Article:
Thursday, April 30, 2009 | 3:50 p.m.
Ryan Greene and Rob Miech sit down after a brief hiatus to discuss all that has happened in the world of Rebels hoops since the end of a disappointing season. Among the topics are the passing of 'Gondo', another defection and some potential newcomers. Plus, is being labeled 'Transfer U.' such a bad thing?
- Glen Gondrezick talks about how much prayers meant to him. (Oct. 2008)
- Gondrezick talks about what he's looking forward to. (Oct. 2008)
- Gondrezick talks about reaching out his donor's family. (Oct. 2008)
- For Gondo, no place like home (10-21-2008)
- Gondo home after heart transplant (10-16-2008)
- Gondo watching Oprah, still making progress (10-7-2008)
- Former UNLV soccer star reaching out to Gondo (10-1-2008)
- Gondo released from UCLA Medical Center (9-28-2008)
- Gondo: ‘I’m goin for a walk’ (9-23-2008)
- Gondo’s heart transplant: ‘So far, so good’ (9-20-2008)
A little bird descended from the rafters of the Thomas & Mack Center on Thursday morning, where Glen Gondrezick's retired jersey had been lowered out of respect, and landed on the black curtain forming the backdrop of the speaking dais.
I figured he was a scout. Gondo probably sent him to see how many of his former teammates, friends and fans called in sick to tell stories about him.
They held a memorial service for Glen "Gondo" Gondrezick, the former UNLV basketball star and longtime broadcast analyst, who died Monday due to complications from heart transplant surgery. A few hundred, falling into one of the above mentioned categories, attended. Most did indeed tell stories about him and shared a laugh, which is how he would have wanted it. Others shed tears. In fact, there were probably more tears than laughs. Maybe he would have wanted that, too, although he would have been last to say so.
"If we were all to talk about him, it would be fitting," said Bob Miller, the former Nevada governor. "But then we'd all be here until next season started."
The memorial was billed as a celebration of Gondo's life, but nobody felt like celebrating very much, because he was gone. The mood was somber. A soft light shone on his retired jersey, No. 25. There were flowers and plants on the platform where the speakers told their stories and choked back their tears. There was Gondo's life-size retired jersey, the white one (the red one is hanging in his living room), a poster on an easel and a couple of TV monitors with his picture on them. Two basketballs, set in front of the podium, completed a stark arrangement.
Had Gondo been in the house, everybody agreed, those basketballs and floral arrangements and potted plants wouldn't have made it through the ceremony unscathed.
"If you wanted to give Gondrezick proper tribute," said Ken Korach, the play-by-play voice of the Oakland A's who was Gondo's UNLV broadcast partner for 12 years, "you'd all come up here and dive head first into this stage."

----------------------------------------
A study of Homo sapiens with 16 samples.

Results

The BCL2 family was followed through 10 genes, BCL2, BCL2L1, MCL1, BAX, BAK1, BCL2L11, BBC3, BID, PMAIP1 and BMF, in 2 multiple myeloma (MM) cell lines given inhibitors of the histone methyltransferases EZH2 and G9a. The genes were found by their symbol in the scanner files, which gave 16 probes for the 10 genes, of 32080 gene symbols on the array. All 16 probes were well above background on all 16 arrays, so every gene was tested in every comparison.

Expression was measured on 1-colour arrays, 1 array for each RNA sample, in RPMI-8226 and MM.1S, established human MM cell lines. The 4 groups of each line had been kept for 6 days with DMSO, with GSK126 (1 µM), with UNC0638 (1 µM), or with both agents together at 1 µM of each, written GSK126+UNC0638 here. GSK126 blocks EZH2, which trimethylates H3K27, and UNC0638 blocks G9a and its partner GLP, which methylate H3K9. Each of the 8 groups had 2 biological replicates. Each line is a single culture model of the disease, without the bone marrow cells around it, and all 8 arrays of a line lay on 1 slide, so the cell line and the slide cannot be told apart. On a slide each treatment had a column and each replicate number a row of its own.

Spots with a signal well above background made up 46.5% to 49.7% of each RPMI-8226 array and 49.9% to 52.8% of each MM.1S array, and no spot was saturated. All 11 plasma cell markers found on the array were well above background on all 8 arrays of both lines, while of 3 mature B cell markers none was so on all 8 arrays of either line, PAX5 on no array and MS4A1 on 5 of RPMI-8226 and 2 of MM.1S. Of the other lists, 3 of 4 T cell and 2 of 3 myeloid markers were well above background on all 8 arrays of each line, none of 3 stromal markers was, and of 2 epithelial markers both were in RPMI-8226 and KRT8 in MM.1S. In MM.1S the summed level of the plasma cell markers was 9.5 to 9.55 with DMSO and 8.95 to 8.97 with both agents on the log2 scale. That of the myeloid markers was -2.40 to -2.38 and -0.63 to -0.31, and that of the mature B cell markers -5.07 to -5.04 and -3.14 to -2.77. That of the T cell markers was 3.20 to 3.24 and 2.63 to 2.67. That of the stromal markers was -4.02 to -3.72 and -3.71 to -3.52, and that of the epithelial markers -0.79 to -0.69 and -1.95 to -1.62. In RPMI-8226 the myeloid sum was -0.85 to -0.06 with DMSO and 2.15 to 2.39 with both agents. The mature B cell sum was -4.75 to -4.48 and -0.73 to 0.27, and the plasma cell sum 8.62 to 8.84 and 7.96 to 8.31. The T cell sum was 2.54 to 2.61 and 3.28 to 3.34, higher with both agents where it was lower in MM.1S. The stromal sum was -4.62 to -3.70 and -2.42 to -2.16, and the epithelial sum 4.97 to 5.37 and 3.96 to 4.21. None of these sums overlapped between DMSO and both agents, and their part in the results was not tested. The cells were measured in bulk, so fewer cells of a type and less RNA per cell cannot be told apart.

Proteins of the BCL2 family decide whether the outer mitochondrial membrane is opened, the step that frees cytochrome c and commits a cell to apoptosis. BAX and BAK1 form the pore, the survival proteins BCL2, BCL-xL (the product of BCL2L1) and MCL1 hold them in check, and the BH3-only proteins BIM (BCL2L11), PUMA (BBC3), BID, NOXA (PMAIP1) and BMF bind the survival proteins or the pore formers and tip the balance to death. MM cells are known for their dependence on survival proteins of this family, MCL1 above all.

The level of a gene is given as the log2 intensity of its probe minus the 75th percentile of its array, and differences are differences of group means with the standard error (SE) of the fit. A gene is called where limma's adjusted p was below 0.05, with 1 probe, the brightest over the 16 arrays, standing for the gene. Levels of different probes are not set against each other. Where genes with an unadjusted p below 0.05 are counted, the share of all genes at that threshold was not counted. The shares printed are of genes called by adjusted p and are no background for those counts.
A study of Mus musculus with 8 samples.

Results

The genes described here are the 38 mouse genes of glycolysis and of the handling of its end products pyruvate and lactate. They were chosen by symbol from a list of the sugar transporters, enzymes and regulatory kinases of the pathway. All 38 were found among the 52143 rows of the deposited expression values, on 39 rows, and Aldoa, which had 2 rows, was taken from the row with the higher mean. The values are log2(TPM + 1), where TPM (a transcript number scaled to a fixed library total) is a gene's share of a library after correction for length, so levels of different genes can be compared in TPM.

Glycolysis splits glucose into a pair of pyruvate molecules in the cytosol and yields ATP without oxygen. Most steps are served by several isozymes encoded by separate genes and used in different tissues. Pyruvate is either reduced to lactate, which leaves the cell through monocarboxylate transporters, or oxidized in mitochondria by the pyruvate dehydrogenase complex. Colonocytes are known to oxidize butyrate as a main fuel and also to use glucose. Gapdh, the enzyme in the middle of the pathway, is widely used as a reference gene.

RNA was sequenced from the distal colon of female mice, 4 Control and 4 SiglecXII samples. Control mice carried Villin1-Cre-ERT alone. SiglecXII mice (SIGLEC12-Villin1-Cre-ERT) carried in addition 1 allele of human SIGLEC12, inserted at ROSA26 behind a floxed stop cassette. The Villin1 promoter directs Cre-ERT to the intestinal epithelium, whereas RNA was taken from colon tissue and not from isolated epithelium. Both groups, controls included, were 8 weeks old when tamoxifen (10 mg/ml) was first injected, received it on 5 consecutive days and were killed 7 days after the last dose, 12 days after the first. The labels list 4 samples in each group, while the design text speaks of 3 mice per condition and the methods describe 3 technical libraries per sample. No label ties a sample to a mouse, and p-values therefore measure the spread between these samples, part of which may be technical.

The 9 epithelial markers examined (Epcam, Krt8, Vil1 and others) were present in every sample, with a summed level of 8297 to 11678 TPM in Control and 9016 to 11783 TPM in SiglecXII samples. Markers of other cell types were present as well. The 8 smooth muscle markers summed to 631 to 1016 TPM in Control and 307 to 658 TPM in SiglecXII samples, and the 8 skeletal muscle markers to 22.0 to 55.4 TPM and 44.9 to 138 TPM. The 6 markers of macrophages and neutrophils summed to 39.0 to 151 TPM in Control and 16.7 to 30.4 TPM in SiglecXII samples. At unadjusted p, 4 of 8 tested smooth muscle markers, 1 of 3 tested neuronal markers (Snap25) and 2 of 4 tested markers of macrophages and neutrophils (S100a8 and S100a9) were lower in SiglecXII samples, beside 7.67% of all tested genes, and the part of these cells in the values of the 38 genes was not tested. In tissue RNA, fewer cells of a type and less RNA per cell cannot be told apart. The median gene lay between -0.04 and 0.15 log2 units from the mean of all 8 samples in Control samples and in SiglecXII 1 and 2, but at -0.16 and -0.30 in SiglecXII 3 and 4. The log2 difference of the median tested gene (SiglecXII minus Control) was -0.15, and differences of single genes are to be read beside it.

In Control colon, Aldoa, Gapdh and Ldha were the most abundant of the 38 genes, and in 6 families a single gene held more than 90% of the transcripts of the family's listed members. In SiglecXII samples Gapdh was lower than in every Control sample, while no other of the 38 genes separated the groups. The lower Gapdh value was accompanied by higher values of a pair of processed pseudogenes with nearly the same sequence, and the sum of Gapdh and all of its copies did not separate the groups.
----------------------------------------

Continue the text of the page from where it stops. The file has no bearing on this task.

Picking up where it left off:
One by one, those who knew him best shared an anecdote about his love for the Rebels or the tenacity and reckless abandon with which he played basketball or the practical jokes he played on others when he wasn't being tenacious and running into and/or over things with reckless abandon.
Jon Sandler, the voice of the Rebels for the past five years, spoke first. He was followed by Mike Hamrick, the UNLV athletic director. Then former governor Miller. Then Robert Smith, the point guard on the 1977 Final Four team on which he and Gondo and Reggie Theus and the other five members of The Hardway Eight starred, the team that put UNLV onto the college basketball map with a scoring frenzy of seismic proportions. Then Bobby Gleason, Gondo's best friend, and public address announcer Dick Calvert, who gave him his broadcasting start. Then Korach.
Sandler said Gondo was unique in that he could be a player, fan and broadcaster -- all at the same time. "He was euphoric when the Rebels won and frustrated when they lost. I think that's why he connected with all of you."
Hamrick spoke of loyalty to one's alma mater. "Nobody was a bigger or better member of our Rebel family than Gondo."
Smith talked about how Gondo and Theus tied him up with athletic tape and left him in an elevator in Salt Lake City. "He was always the best, always the toughest. I never played a day with him where I thought we were going to lose."
Gleason said only Gondo could have talked him into dancing in front of the Orleans -- while wearing an alligator suit. And only Gondo could give him a phobia about riding in elevators with strangers. "He'd say 'How's that rash doing?' I can't tell you how many people around the country think I have a major disease because of Gondo."
The speakers would share a Gondo story, and then his former teammates and friends and fans would start whispering among themselves, telling their own Gondo stories.
Then when the laughter stopped, the speaker would pause and his voice would crack. And there would be tears.
"The tears I have are tears of joy -- joy I have of being here three years with a man like that," Smith said. "He'll always be my brother."
I tried very hard to keep an eye on the little bird that was perched on the curtain backdrop. If he flies up to the rafters next to Gondo's jersey, I thought, then I will know for sure who sent him.
But darn if I didn't lose sight of him. Somehow, the little bird managed to blend into the background. He made a quiet exit without anybody noticing.
On second thought, he couldn't possibly have been working for Gondo.